If I get it wrong, I’ll look stupid. People will laugh.
When I was seven years old I made a gooseberry flan. When I’d finished my mother commented on how I’d managed to cook the gooseberries without them going squishy and I said ‘I didn’t know I was supposed to cook them’.
My mother fell into hysterical laughter. How could I have been so stupid as to not know you had to cook gooseberries before you can eat them? There were babies as yet unborn who knew that.
She had been in the room the entire time I was preparing the flan. She had watched me top and tail the berries and put them into the flan case. She was there when I made the topping and poured it on. At no time had she mentioned cooking the berries. Despite all that, my mistake was so incredibly amusing that it had to be repeated to my father when he got home from work. He also fell into hysterics. How comical!
I was deeply humiliated. To this day, decades later, I squirm a bit inside when I think of it. And yet my parents were loving, supportive, kind people who had no notion of inflicting lifelong scars on the soul of their sensitive daughter. I doubt they even remember the incident. But it left me with a deep, abiding dread of making another mistake and being laughed at so comprehensively and unfairly.
Unfortunately for me, it turns out making mistakes is kind of an occupational hazard in life. Most of the time they’re not deliberate, like the uncooked gooseberries. Sometimes they’re just accidents or forgetfulness. I meant to take the pie out of the oven when it was cooked, of course, but I forgot and it burnt. And I didn’t mean to turn all the shirts purple by putting a pair of denim shorts into the washing machine with them. It just happened. But because I had such a strong belief in the need to be perfect, to avoid mistakes and ridicule at all costs, these minor mishaps weren’t just irritations. They were proof of my inadequacies as a human.
I might do a thing right 50 times; people might comment publicly about how amazing I was at something; but all that was undone by one little error. In fact, the better I was at something the less forgivable it was to make a mistake. I knew better; I was better. What I did and who I was were inseparable. I didn't make mistakes - I was a mistake.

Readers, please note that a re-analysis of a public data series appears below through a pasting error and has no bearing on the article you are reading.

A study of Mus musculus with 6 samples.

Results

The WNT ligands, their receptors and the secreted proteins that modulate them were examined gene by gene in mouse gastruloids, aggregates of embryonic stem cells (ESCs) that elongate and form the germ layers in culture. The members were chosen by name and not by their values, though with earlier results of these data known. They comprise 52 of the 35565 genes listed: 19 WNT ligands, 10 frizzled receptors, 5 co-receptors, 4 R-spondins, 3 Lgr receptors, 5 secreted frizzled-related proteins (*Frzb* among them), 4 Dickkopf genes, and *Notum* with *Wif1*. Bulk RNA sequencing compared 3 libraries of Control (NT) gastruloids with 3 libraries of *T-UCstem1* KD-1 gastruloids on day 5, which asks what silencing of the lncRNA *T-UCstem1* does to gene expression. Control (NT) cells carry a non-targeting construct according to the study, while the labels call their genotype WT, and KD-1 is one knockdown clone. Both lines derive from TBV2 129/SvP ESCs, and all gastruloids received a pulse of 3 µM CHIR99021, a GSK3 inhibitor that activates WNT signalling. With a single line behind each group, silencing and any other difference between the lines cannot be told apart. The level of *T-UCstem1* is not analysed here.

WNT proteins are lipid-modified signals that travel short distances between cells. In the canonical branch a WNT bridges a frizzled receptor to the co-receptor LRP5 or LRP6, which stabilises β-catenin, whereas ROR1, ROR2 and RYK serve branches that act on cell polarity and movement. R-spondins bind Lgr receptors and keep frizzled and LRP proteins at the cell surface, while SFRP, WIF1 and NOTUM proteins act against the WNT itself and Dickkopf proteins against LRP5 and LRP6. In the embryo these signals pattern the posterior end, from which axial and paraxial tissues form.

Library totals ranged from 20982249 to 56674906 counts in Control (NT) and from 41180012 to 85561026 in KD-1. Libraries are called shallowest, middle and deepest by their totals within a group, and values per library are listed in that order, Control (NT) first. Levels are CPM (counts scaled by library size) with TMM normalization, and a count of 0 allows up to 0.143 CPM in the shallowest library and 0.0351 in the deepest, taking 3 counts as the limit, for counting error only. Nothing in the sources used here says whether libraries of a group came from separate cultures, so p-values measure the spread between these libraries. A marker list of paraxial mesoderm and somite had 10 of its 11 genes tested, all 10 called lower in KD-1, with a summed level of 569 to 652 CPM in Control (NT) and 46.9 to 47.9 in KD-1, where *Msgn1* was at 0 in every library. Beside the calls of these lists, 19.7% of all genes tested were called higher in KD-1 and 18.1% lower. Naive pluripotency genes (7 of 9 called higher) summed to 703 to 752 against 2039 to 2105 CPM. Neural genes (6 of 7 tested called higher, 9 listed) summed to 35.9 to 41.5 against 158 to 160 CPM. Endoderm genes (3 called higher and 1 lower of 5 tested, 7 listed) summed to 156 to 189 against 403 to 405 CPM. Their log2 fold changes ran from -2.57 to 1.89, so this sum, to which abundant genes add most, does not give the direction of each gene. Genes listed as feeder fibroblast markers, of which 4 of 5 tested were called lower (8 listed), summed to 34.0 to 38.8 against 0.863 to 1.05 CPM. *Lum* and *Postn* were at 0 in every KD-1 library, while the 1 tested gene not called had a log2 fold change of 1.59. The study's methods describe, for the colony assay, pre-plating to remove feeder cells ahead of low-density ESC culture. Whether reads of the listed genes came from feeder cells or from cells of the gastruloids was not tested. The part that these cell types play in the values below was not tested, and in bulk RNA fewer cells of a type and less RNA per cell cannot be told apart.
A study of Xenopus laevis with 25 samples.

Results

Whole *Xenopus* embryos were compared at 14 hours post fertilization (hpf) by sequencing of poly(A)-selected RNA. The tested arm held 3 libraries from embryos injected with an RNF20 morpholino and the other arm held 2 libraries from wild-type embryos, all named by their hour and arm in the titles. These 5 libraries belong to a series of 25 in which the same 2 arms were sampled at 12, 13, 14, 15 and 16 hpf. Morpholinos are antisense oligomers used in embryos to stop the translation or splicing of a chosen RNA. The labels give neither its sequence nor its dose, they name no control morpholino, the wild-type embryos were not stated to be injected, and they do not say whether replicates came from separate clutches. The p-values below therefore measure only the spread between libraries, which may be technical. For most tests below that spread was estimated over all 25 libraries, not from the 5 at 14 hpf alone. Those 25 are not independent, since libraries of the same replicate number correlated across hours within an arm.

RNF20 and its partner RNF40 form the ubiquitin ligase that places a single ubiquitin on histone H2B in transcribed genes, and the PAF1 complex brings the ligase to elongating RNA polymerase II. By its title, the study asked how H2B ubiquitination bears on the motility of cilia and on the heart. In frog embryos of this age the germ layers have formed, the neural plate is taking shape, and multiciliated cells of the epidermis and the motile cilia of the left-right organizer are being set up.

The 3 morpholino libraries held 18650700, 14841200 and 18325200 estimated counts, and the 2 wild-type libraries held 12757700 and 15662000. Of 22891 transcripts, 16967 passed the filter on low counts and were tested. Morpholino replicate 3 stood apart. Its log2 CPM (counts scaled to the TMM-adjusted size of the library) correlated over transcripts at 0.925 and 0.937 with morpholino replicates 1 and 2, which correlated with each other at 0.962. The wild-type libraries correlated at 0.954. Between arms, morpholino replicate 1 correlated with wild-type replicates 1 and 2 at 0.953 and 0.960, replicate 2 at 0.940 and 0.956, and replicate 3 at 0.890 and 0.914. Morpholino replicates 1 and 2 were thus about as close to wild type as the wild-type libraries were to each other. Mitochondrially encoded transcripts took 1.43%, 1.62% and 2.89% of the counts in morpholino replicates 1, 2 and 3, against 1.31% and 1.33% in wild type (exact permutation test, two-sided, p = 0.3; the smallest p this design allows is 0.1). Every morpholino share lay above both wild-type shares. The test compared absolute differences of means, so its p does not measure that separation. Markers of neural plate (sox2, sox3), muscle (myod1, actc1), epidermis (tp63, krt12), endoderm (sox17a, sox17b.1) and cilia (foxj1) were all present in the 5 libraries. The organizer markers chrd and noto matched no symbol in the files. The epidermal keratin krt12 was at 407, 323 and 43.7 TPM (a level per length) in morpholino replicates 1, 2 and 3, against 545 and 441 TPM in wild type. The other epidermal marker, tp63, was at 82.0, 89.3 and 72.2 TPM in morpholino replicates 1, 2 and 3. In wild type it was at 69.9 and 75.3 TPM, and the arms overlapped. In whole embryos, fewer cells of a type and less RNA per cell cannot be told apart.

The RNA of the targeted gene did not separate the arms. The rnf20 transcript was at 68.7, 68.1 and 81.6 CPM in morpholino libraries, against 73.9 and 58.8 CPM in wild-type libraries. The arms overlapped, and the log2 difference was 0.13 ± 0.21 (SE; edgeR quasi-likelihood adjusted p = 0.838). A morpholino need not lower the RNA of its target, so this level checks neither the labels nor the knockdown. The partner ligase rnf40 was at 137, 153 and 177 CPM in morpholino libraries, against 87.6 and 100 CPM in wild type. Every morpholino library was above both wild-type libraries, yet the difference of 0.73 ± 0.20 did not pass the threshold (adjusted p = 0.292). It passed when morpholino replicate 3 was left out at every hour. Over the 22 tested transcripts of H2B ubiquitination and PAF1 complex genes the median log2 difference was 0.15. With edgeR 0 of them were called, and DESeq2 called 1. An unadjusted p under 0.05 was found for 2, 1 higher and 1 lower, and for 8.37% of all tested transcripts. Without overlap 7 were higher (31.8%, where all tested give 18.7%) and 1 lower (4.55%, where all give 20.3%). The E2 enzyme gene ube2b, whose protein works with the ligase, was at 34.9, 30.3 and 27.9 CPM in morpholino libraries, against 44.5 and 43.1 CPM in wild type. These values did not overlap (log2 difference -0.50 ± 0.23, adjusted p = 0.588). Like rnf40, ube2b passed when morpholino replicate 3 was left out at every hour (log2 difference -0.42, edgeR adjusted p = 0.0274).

The thing is that if one of my friends made a mistake I probably wouldn’t be bothered. I certainly wouldn’t hold it against them for years or stop being friends with them as a result. When it was me, I did. But realizing I was judging myself by standards far harsher than I applied to anyone else did really help. Over time I learned to cut myself some slack and realise that when I did something not-quite-perfectly, it was only a tiny barely noticeable speck in the glorious multi-coloured tapestry of Me; it didn’t colour the entire piece.
We're trained not to make mistakes, or at least to squirm with embarrassment and try to cover them up whenever we do. People laugh, or shout, or punish you, and those are unpleasant experiences. But if you don't make a mistake, how do you learn? If I'm ever tempted to make a gooseberry flan again (which is unlikely, because I've discovered that they're pretty nasty even when they are cooked) I will certainly know to cook the gooseberries first. You can't be expected to know everything right off, or to do everything perfectly every time you do it. If someone does expect that then they're being unreasonable.
If you are your own harshest critic, try being a bit kinder to yourself. Think about what you'd say if it was your best friend, or your youngest child, who had made that mistake. Would you berate their stupidity and cut them from your life, or would you say 'Never mind, we can do it again'?
Some mistakes do have lasting consequences, but the vast majority are fixable and the more open you are to making them, ironically the less likely you are to do it. It's when you're anxious about it that your brain becomes flooded with stress hormones, rendering you unable to concentrate just when you need to most. So do everyone, including yourself, a favour and chill out a bit.
If you've found this article helpful, please share it with a friend.
Caeredwen is a counsellor, coach and physical therapist based in Coleford in the Forest of Dean. If this blog has touched you and you would like to contact her in confidence, you can reach her at email@example.com or via her website at www.magichandscalmminds.com.